Works in Progress, Etc.

I got a lovely email over the weekend from Alison Hyde, author of Wrapped in Comfort. Apparently she did the written directions for all the patterns, but the charts were made up separately by someone Martingale hired. She explained, “I knit some of those shawls a half a dozen times to make sure I’d written them up right. It paid off: my tech editor said it was the first knitting book she’d ever seen with zero errors. But that was before the charts got added in. So when in doubt, go with the written part if there’s a question.” That’s good advice to have.

Here’s my shawl from that book in progress.
Nice leafy shawl in progress
Since I’m working on circular needles, it’s a bit bunched up, but I’ve spread it out so you can see one repeat of the leaf pattern. The malabrigo I’m using is much heavier that the yarn the pattern calls for, but the results please me no end. I’ve got some rich purple malabrigo lined up that I’ll cast on for another of Hyde’s shawls as soon as this one is finished.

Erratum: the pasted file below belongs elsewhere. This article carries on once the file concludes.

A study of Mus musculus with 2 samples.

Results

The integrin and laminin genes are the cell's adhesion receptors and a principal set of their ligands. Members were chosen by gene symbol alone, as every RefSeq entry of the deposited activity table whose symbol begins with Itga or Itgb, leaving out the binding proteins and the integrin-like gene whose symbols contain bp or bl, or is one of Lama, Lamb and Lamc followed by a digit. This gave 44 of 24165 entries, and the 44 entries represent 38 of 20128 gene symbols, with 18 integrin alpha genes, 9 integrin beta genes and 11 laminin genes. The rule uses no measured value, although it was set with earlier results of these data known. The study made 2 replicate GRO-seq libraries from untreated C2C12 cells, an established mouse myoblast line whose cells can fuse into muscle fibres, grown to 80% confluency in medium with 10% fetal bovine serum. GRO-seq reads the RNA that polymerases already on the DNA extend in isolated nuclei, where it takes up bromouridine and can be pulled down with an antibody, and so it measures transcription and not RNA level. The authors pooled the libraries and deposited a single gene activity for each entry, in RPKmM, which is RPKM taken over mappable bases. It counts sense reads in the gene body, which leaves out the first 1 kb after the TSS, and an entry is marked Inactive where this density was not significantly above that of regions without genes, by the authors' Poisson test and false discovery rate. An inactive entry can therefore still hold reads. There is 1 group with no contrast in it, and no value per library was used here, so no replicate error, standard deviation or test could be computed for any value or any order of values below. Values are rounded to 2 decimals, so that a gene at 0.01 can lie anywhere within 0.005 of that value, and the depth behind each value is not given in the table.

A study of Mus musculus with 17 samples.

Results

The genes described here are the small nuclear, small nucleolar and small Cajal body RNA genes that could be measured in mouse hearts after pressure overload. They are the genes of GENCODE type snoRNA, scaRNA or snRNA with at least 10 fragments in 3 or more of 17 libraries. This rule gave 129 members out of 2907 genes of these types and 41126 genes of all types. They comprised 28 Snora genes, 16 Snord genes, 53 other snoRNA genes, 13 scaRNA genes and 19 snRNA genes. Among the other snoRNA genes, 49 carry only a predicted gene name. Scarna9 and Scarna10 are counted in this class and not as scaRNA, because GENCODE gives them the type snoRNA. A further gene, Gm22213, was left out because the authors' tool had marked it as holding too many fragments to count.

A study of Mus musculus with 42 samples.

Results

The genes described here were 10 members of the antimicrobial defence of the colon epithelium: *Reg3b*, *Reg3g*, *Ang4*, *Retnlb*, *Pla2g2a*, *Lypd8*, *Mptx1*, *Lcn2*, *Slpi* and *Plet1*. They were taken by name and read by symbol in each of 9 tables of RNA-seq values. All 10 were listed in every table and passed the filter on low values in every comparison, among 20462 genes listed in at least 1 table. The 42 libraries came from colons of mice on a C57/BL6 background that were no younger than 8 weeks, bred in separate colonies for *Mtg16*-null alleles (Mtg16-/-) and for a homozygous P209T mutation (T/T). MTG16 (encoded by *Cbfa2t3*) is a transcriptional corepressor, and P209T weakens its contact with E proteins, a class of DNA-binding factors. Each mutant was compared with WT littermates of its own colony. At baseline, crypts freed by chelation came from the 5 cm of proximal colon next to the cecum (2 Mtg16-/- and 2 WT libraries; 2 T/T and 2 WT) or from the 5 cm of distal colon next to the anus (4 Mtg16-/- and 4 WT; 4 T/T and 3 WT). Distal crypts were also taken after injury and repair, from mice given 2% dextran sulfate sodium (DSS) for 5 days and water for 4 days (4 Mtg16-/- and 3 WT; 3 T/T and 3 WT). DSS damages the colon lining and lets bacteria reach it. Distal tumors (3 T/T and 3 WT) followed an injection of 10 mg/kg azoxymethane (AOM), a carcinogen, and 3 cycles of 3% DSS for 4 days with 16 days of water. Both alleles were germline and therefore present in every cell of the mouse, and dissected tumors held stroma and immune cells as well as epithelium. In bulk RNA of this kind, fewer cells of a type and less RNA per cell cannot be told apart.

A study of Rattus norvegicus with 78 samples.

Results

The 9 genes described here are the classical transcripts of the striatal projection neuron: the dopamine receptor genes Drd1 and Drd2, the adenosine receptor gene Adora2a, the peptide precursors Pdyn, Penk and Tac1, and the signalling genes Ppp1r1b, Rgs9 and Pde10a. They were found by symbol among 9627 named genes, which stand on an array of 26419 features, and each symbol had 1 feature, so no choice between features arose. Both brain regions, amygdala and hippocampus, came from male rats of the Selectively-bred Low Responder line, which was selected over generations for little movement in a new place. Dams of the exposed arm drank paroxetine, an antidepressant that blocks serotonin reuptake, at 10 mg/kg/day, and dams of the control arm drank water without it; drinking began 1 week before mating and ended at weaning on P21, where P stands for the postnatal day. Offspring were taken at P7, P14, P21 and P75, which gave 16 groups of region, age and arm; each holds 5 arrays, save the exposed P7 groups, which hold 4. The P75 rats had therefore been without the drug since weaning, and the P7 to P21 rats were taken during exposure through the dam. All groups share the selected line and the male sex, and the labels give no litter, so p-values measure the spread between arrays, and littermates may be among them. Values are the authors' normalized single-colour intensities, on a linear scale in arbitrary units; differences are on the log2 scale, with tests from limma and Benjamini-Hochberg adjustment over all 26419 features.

I continue plugging away at the Origami Cardi. The back and both fronts are finished. Now I’m working on the sleeves.
Something green, in progress
I’m knitting both at once in hopes of keeping my guage consistent.

Finally, here’s my version of Rosebud.
Rosebud scarf in progress, looking like a slug
I’m using Cherry Tree Hill‘s Ariel in the Fall Foliage colorway. The mock cable (sl1, k2, pass slipped stitch over both k stitches) makes nice, wide eyelets. I’ve got a new design going in my head that will use this stitch.

Kim Hargreaves has a great new pattern book out, Heartfelt. On my first glance at the projects, I picked out nine (count ’em, nine!) that I’d like to do. Of course, I won’t get anywhere near that many knit up, but I definitely need a copy of this book. Faith and Darcy have very graceful shaping; Erin is a classic in the very best sense; and Tess and Ward look wonderfully cozy.

Here’s a lovely lace scarf pattern I found via Ravelry. It’s knit length-wise, which allows for a pretty arrangement of stitches at each end without having to join separate pieces.

And check out this great watermelon self-striping yarn from Freshisle Fibers. Sadly—but not surprisingly—it’s out of stock at the moment, but I will be haunting their web site looking for its return.